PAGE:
Bear Watch

November 20, 2011

Quick Reads: Stanford-Cal

Andrew Luck and Stanford Axe

L

ittle about Stanford’s victory in the 114th playing of Big Game will inspire much confidence in the Cardinal. But in putting away Cal in a surprisingly close 31-28 tilt, Stanford keeps the Axe on the Farm and lives to fight another BCS week. Here are your Big Game Quick Reads:

  • Avoiding the 1st half of Stanford football games altogether might be a prudent strategy for the faint of heart. Again Stanford came out of the tunnel and played poorly. Cal led for much of the game’s first 30 minutes and only a 2nd-quarter Tyler Gaffney touchdown for Stanford let the Card enter halftime with a 1-point lead. On Saturday night, the 2nd half was only slightly better–Stanford expanded the margin by just 2 points after halftime–but the consistency of Stanford’s game-opening sluggishness remains baffling.
  • Heresy though it may be, Andrew Luck’s slow start was no small part of the Card’s early struggles. Several of Luck’s throws in the first few series of the game were placed well over receivers’ heads. Even the 6′ 8″ Levine Toilolo couldn’t grab a pass that could have hit the junior tight end wide open in the flat for a big gain or possibly a touchdown early in the 1st quarter. Luck’s performance rather closely resembled the one he turned in last week against Oregon. His final stat line tonight: 20-30, 257 yards, 2 touchdowns, 1 interception.
  • Compare that to the performance of Cal quarterback Zach Maynard, who turned in one of his best games of the year: 20-30, 280 yards, 2 touchdowns, 0 interceptions. And so we have reached a bizarre alternate universe in which Zach Maynard plays a better Big Game than Andrew Luck does. Rivalries are indeed unpredictable.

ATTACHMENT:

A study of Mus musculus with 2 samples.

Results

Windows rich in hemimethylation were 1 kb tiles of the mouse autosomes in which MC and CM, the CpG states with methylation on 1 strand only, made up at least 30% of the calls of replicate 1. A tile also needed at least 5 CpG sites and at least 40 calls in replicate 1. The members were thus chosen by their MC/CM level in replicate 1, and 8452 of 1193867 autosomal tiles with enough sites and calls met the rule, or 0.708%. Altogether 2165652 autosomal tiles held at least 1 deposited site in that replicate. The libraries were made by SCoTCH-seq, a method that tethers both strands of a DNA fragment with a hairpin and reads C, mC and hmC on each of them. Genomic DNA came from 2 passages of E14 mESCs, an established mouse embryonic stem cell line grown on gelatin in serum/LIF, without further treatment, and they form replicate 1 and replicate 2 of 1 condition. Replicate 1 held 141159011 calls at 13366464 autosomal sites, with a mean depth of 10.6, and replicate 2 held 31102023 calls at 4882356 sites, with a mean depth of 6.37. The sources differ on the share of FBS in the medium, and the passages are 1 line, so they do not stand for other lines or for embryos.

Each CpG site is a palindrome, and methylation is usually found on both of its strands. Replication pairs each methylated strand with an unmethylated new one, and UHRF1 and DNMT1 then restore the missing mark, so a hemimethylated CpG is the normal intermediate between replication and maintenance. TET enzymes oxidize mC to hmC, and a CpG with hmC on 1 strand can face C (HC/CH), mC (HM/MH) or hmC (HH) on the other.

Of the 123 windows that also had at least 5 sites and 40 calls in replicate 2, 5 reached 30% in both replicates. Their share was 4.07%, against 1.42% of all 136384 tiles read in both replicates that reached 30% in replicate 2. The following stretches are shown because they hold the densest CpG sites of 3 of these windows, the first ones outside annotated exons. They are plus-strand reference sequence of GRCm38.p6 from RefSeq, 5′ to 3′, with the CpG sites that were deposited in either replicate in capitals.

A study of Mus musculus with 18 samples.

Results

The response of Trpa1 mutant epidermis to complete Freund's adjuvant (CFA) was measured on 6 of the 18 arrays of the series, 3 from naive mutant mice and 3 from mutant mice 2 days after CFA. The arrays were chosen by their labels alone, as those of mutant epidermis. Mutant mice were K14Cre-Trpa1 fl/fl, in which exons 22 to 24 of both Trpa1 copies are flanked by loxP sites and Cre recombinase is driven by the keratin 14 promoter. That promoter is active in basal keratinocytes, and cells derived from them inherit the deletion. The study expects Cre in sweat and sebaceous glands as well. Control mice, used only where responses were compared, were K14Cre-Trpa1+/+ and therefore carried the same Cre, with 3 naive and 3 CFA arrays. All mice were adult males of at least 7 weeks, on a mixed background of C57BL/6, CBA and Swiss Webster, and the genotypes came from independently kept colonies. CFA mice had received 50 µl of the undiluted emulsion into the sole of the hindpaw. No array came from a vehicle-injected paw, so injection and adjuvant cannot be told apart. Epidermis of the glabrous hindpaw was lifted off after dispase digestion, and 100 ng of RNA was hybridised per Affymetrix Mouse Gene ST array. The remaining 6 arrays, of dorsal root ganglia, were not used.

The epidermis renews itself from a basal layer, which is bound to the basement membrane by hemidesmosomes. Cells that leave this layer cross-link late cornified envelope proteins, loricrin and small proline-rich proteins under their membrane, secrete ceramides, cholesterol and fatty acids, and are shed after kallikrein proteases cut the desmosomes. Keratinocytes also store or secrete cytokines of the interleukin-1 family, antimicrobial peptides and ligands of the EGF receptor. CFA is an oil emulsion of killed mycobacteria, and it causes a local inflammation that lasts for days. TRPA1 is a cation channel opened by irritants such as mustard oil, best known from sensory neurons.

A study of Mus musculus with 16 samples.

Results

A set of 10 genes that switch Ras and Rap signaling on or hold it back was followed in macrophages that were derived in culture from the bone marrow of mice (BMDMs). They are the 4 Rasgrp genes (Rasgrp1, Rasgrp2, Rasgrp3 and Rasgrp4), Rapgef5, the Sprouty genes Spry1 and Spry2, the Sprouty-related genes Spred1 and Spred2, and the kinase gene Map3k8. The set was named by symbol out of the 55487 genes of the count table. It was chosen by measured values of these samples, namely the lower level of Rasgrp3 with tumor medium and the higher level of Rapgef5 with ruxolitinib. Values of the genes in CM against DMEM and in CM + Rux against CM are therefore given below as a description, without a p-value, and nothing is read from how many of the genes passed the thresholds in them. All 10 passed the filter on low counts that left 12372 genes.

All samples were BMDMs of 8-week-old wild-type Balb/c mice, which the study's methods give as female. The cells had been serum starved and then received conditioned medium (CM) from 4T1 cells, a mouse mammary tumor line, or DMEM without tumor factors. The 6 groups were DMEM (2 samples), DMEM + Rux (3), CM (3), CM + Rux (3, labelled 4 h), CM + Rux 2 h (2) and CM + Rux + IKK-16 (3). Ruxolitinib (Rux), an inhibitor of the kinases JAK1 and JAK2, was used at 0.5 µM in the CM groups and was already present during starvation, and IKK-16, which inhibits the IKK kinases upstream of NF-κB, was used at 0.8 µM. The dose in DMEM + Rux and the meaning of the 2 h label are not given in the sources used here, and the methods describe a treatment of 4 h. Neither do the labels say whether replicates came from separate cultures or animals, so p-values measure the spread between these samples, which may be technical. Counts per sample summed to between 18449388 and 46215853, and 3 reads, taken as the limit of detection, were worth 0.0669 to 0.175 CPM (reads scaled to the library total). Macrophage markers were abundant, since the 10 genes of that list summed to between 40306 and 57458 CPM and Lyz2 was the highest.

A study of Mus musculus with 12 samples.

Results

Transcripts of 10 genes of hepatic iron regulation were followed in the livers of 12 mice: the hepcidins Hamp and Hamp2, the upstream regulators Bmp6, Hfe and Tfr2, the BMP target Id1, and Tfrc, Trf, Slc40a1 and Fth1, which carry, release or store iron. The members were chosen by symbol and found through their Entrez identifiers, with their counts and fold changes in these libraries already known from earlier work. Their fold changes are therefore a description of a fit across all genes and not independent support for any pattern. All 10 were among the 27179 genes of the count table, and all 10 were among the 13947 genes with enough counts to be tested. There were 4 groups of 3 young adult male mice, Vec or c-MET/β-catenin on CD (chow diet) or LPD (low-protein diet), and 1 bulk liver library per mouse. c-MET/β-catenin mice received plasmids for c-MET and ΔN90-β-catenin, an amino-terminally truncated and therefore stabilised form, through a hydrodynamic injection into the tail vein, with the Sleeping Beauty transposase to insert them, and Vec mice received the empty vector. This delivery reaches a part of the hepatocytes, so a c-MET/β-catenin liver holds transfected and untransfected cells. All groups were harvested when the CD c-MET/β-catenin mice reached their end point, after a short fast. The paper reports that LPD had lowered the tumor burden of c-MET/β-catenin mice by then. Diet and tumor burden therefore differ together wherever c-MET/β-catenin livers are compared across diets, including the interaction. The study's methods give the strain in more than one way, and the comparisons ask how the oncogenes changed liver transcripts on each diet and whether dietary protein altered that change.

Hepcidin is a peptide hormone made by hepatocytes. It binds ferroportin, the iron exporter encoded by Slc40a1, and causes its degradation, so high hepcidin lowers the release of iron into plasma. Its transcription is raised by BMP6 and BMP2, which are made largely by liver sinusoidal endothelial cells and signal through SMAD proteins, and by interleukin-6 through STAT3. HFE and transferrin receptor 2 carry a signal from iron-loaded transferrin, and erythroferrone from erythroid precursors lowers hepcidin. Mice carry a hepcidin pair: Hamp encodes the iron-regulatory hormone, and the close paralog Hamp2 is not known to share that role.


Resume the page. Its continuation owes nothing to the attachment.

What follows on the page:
• Another mediocre game will not help Luck’s Heisman candidacy, which already took a hit after the Oregon game.
  • Cal kept the game close by playing a pretty good game overall, but especially by succeeding in two realms: passing offense and run defense. Remember Thursday’s Stanford-Cal preview, which graphed Cal head coach Jeff Tedford’s increasing desire to move the ball through the running game. That didn’t show during Big Game. 78% of the Golden Bears’ yardage came through the air, which the team established early and often. The Cal run defense, led by a stingy defensive line, limited the Cardinal to 149 rushing yards and forced the Stanford coaching staff to distribute carries between Stepfan Taylor, Tyler Gaffney, Anthony Wilkerson and Ryan Hewitt. Not a single Stanford player reached even 50 rushing yards on the evening.
  • Taylor did get going enough to break 1000 rushing yards for the season, a feat he has now accomplished for two straight years. Barring injury, he should be able to make that three consecutive seasons during his senior campaign next fall.
  • Stanford’s strongest defensive weapon against the Cal passing game was its front seven. The Card sacked Maynard 3 times, with Trent Murphy, Jarek Lancaster and Ben Gardner each picking up a sack.
  • Fun Fact: Cal strong safety Sean Cattouse was the most active defensive player on either team during Big Game. The redshirt senior tied for a game-high 13 tackles (linebacker and teammate Mychal Kendricks also had 13), including a tackle for a loss and a defended pass attempt, before leaving late in the game with a right leg injury.
  • Does the name Sean Cattouse sound vaguely familiar? Perhaps you remember him from last November.
  • So Stanford didn’t play that well but kept the Axe. The really exciting part of the evening happened elsewhere. #2 Oklahoma State fell to Iowa State on Friday night while #5 Oklahoma, #4 Oregon and #7 Clemson (all of whom stood above #9 Stanford in the BCS) fell on Saturday. Rather than going through all of the scenarios for Stanford now–and doing so would be futile until the new BCS rankings come out on Sunday afternoon–suffice it to say that Stanford will be moving up in the polls and the BCS. The shot at a berth in the national championship game is still quite slim, but is substantially higher than it was in the middle of the week.
  • Stanford doesn’t look like a top-5 team at the moment, and next week’s game will say more about whether the team is simply in a slump or merely benefitted from a soft schedule in the beginning of the year. Nonetheless, Stanford retains the Axe and another year of bragging rights over Berkeley.
(Headline image courtesy of Han Shot First on Flickr)


Willys DeVoll
Willys DeVoll is the founder and editor-in-chief of The Daily Axe. He writes about Stanford sports for DailyAxe.com and writes fiction, reviews and commentary elsewhere.